Previously I took this definition of an XML document tree from xml-light and asked how we could annotate nodes with extra data.
type xml =
| Element of (string * (string * string) list * xml list)
| PCData of string
If you "think outside the box", or in this case literally outside the structure, you might see that you can add annotations using a hash table. The idea is that we'll hash the addresses of nodes to the annotated data.
Let's have a concrete example to make this all a bit clearer. Start with this simple document tree:
which is written in OCaml as:
let str = PCData "Camltastic!"
let doc = Element ("a",
There are two nodes here (
doc) and both have type
A simple, and wrong, way to use a hash table to annotate these nodes is like this:
let h = Hashtbl.create 13
let add_annot node data = Hashtbl.add h node data
let get_annot node =
try Some (Hashtbl.find h node)
with Not_found -> None
It seems to work:
# add_annot doc "doc is annotated with this string" ;;
- : unit = ()
# get_annot doc ;;
- : string option = Some "doc is annotated with this string"
# get_annot str ;;
- : string option = None
But there are some subtle and not-so-subtle problems with this approach.
The first problem is that Hashtbl, by default, uses structural equality to hash nodes. If you had a document like
<a>Link</a><a>Link</a>then there is no way to attach different data to the two links, because both links appear to be equal (they are equal, structurally). Attaching data to one link attaches the data to both.
The two other problems with this are garbage collection and copying. Garbage collection is defeated because the hash table maintains a permanent pointer to any annotated nodes. What we would like to happen is that if a node becomes garbage, the collector frees the node and any annotations on the node. In fact this never happens: the permanent pointer held by the hash table prevents any node from becoming garbage. The copying problem is that when the main program copies a node, the annotations aren't copied across.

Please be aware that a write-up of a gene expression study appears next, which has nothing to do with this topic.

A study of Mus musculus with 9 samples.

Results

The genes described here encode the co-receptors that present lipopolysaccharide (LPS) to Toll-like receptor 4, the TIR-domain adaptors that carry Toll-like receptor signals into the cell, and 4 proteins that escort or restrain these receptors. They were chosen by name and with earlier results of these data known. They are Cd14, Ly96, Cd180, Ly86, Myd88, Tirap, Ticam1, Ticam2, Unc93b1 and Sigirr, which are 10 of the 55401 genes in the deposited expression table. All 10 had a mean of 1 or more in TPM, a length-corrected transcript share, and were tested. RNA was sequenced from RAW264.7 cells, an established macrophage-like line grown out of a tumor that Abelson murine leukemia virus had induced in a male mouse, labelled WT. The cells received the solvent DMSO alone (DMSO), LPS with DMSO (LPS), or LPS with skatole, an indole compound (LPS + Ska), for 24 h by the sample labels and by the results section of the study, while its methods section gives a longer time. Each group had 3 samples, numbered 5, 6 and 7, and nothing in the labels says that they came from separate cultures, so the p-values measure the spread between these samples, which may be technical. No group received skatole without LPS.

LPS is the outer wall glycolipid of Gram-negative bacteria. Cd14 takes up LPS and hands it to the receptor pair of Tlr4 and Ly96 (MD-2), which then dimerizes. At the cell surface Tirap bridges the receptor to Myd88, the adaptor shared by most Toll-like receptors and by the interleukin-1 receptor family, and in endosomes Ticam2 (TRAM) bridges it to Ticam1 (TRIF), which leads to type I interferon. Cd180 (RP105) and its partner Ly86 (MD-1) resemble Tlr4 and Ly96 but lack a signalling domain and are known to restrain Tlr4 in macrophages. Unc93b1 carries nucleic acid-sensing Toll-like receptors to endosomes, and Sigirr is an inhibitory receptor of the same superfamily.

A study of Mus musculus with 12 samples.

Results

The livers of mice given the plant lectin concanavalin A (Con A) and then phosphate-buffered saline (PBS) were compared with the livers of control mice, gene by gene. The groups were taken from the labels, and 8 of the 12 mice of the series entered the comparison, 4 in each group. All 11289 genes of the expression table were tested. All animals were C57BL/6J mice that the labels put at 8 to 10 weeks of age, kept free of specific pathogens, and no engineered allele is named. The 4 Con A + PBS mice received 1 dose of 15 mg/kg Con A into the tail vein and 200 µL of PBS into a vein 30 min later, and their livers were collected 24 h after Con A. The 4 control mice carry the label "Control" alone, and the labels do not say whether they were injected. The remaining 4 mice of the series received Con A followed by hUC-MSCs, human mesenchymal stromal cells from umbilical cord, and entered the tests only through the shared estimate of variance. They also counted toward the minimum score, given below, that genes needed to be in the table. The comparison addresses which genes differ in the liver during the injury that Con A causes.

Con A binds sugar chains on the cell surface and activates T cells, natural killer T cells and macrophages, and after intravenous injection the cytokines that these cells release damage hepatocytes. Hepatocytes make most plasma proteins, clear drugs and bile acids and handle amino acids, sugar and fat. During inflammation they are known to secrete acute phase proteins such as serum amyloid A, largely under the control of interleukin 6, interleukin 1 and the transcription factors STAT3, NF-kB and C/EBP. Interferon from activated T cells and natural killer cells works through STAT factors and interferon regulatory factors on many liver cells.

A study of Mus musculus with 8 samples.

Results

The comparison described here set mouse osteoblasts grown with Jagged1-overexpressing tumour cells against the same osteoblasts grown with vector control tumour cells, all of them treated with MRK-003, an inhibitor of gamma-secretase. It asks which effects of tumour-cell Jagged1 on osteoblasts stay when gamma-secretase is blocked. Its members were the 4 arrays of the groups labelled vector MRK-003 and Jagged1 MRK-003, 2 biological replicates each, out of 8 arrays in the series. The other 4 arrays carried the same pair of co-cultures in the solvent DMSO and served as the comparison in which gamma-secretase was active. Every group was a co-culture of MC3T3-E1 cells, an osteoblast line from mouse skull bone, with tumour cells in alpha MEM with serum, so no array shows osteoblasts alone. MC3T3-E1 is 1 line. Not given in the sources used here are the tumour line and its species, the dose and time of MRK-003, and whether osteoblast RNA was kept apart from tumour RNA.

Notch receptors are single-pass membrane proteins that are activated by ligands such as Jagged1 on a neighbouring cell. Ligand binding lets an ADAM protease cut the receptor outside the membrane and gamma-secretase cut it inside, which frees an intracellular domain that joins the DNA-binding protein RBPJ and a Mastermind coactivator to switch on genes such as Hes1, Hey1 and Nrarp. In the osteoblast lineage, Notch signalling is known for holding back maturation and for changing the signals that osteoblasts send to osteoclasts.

Enter the Weak Hash Table
OCaml has a rarely-used but rather elegant module in the standard library called
Weak. This module implements weak pointers. A weak pointer is like an ordinary pointer, but it doesn't "count" towards garbage collection. In other words if a value on the heap is only pointed at by weak pointers, then the garbage collector may free that value as if nothing was pointing to it.
A weak hash table uses weak pointers to avoid the garbage collection problem above. Instead of storing a permanent pointer to the keys or values, a weak hash table stores only a weak pointer, allowing the garbage collector to free nodes as normal.
It probably isn't immediately obvious, but there are 3 variants of the weak hash table, to do with whether the key, the value or both are weak. (The fourth "variant", where both key and value are strong, is just an ordinary Hashtbl). Thus the OCaml standard library "weak hash table" has only weak values. The Hweak library has weak keys and values. And the WeakMetadata library (weakMetadata.ml, weakMetadata.mli) is a version of Hweak modified by me which has only weak keys.
Which sort of weak hash table do we need? If you look at the Hashtbl implementation above you'll see that the key corresponds to the xml node and the value corresponds to the metadata attached to nodes. We assume that the main program holds onto a pointer to the xml tree until it is no longer needed, whereupon it should be collected. So we definitely need weak keys. How about the values (annotations)? The main program probably isn't holding any references to the annotations - it expects to annotate a node and then forget about the annotation until it is needed later. So values should not be weak (otherwise our annotation library will be rather "forgetful"). You'll therefore need to use my modified WeakMetadata library to get around the garbage collection problem.
Using WeakMetadata you can annotate immutable data structures, as this test program shows. Although we have solved the garbage collection problem, the other two problems I mentioned remain. Namely, it's still using structural equality, and if the main program copies a node, then the annotations don't get copied too.
However there are some rather more insidious problems that remain with this whole approach, which are down to how weak pointers are actually implemented inside the OCaml garbage collector. I wrote about them in this posting on the OCaml mailing list which also includes some analysis of the performance and memory usage of annotating XML document nodes.
Part 3 (next week) will look at what I hope is the "final word" on safely extending data structures.